A decade ago, the AEON Environmental Foundation established the MIDORI Prize for Biodiversity to signal its support for the goals of the CBD and to recognize individuals who have contributed to them. I was surprised and honoured to receive Chairman Okada’s notice that I had been selected as a recipient. My surprise reflected the fact that most past laureates have advanced the protection of biodiversity through direct action at a national or international level. My work has a different goal; it is provisioning humanity with a scientific approach that will both speed the inventory of life and enable a global biosurveillance system. I have pursued these goals for 20 years aided by a wonderful research alliance, the International Barcode of Life (iBOL) Consortium. I am honoured to accept this award on behalf of iBOL.
The MIDORI Prizes have great symbolic importance; they focus attention on the fact that we are embedded in the biosphere – for better or worse. The surge in human populations over recent decades has set the stage for biotic devastation in diverse forms. This year has seen an unknown virus shatter the global economy and transform our lives. Its impact stands as a stark reminder that we know very little about life on our planet. However, a far more serious crisis looms – the threat that our species will induce the first mass extinction in 65 million years. COVID-19 has shown that humanity can mobilize tremendous resources in times of crisis. We need to get serious, really serious, about ensuring that the wonderful diversity of organisms that share our planet are not crushed by the human pandemic. The CBD plays a key role in avoiding this outcome; it is mobilizing individuals, organizations, and nations to seek knowledge and take actions that will allow humanity to better support nature. iBOL will be there to help.
Dr. Paul Hebert is an evolutionary biologist at the University of Guelph where he holds a Canada Research Chair in Molecular Biodiversity and is the Director of its Centre for Biodiversity Genomics. He carried out his undergraduate studies in biology at Queen’s University, his doctoral work in genetics at the University of Cambridge, and then held a Rutherford Fellowship at the University of Sydney before taking up his first faculty position at the University of Windsor.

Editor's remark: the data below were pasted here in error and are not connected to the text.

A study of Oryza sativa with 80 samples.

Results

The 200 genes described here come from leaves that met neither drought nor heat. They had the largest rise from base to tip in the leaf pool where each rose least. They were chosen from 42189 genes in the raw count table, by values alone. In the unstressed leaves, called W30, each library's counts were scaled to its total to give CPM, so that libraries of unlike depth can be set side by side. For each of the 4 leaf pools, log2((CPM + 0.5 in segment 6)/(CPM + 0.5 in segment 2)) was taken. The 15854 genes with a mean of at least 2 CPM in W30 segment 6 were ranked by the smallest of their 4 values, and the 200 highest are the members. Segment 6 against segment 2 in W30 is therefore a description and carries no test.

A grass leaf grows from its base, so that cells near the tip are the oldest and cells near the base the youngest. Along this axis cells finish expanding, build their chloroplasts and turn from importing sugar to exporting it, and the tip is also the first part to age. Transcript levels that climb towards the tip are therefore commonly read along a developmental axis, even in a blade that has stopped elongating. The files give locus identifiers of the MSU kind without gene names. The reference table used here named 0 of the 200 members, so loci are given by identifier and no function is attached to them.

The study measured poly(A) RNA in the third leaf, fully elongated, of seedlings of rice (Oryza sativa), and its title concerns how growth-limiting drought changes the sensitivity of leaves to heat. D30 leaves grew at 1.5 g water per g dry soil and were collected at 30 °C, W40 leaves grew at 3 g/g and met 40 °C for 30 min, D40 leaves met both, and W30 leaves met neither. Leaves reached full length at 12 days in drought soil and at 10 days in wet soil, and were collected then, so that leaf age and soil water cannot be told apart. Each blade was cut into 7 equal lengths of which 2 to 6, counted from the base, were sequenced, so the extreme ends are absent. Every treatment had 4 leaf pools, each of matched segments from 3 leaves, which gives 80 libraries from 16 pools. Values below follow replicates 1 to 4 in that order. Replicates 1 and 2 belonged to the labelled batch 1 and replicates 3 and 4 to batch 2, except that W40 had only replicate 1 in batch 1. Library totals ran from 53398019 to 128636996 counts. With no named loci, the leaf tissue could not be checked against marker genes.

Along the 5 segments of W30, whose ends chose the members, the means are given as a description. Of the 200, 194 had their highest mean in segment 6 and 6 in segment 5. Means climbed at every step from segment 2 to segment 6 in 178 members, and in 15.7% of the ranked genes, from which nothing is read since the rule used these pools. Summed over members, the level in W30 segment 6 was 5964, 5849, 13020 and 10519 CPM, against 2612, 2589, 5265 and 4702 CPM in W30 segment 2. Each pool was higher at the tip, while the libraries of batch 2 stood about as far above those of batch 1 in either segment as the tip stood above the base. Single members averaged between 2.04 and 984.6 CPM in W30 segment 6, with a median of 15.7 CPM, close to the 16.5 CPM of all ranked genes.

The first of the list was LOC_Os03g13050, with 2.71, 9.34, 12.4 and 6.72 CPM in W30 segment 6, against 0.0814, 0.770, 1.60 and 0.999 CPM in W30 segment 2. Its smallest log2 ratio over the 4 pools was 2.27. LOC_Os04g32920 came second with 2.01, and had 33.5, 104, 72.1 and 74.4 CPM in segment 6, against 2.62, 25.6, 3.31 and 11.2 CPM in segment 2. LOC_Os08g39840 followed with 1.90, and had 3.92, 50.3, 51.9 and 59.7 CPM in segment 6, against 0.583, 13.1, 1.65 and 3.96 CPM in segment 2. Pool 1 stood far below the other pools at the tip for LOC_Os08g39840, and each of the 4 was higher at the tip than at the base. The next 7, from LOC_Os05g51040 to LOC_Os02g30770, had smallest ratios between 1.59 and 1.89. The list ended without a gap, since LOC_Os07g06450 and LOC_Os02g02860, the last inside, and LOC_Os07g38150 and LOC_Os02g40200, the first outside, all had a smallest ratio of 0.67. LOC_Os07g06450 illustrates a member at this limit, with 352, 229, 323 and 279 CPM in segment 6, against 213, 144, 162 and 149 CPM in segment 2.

For the past 20 years, Dr. Hebert’s research has focused on the development of an innovative technique termed DNA barcoding which employs sequence variation in short standardized gene regions to speed specimen identification and species discovery. His work not only provides a simple solution to the otherwise difficult task of discriminating species but is generating important new insights into the ages of species and their phylogenetic affinities. Since proposing the concept of DNA barcoding in 2003, Dr. Hebert has focused on building the research infrastructure and collaborations needed for its large-scale application. His efforts began in Canada where he established a national DNA barcoding network in 2004 and secured the funding needed to support its operation and to establish the Centre for Biodiversity Genomics at his home university. Operating in a purpose-built facility, this Centre provides informatics and sequencing support to biodiversity scientists around the world. Building on these capabilities, Dr. Hebert established the International Barcode of Life (iBOL) consortium in 2010 and has served as its Scientific Director since then. Now involving organizations in more than 30 nations, iBOL completed its first research program, BARCODE 500K, in 2015. By delivering DNA barcode coverage for millions of specimens belonging to more than 500,000 different species, it demonstrated the capacity of DNA barcoding to speed biodiversity assessments in different taxonomic groups at sites around the world. As well, it introduced new analytical approaches that enabled the consortium to lay plans for BIOSCAN, its second major program. Launched in 2019, this 7-year, $180 million project represents the largest research effort ever undertaken in biodiversity science. By taking advantage of recent technological advances in computational hardware, digital imaging, and DNA sequencing, BIOSCAN is charting a course that will make it possible to register all multi-cellular species within 20 years while also revealing their interactions. As well, BIOSCAN will lay the scientific foundation needed to enable a global biosurveillance system. Its activation will represent a massive advance in humanity’s capacity to better protect biodiversity.
We feel Dr. Hebert’s efforts to advance DNA barcoding represent a fantastic gift of knowledge to a modern society that understands the value of nature. As the technique now needs to be broadly applied, we hope his receipt of the MIDORI Prize will help to reinforce his activities.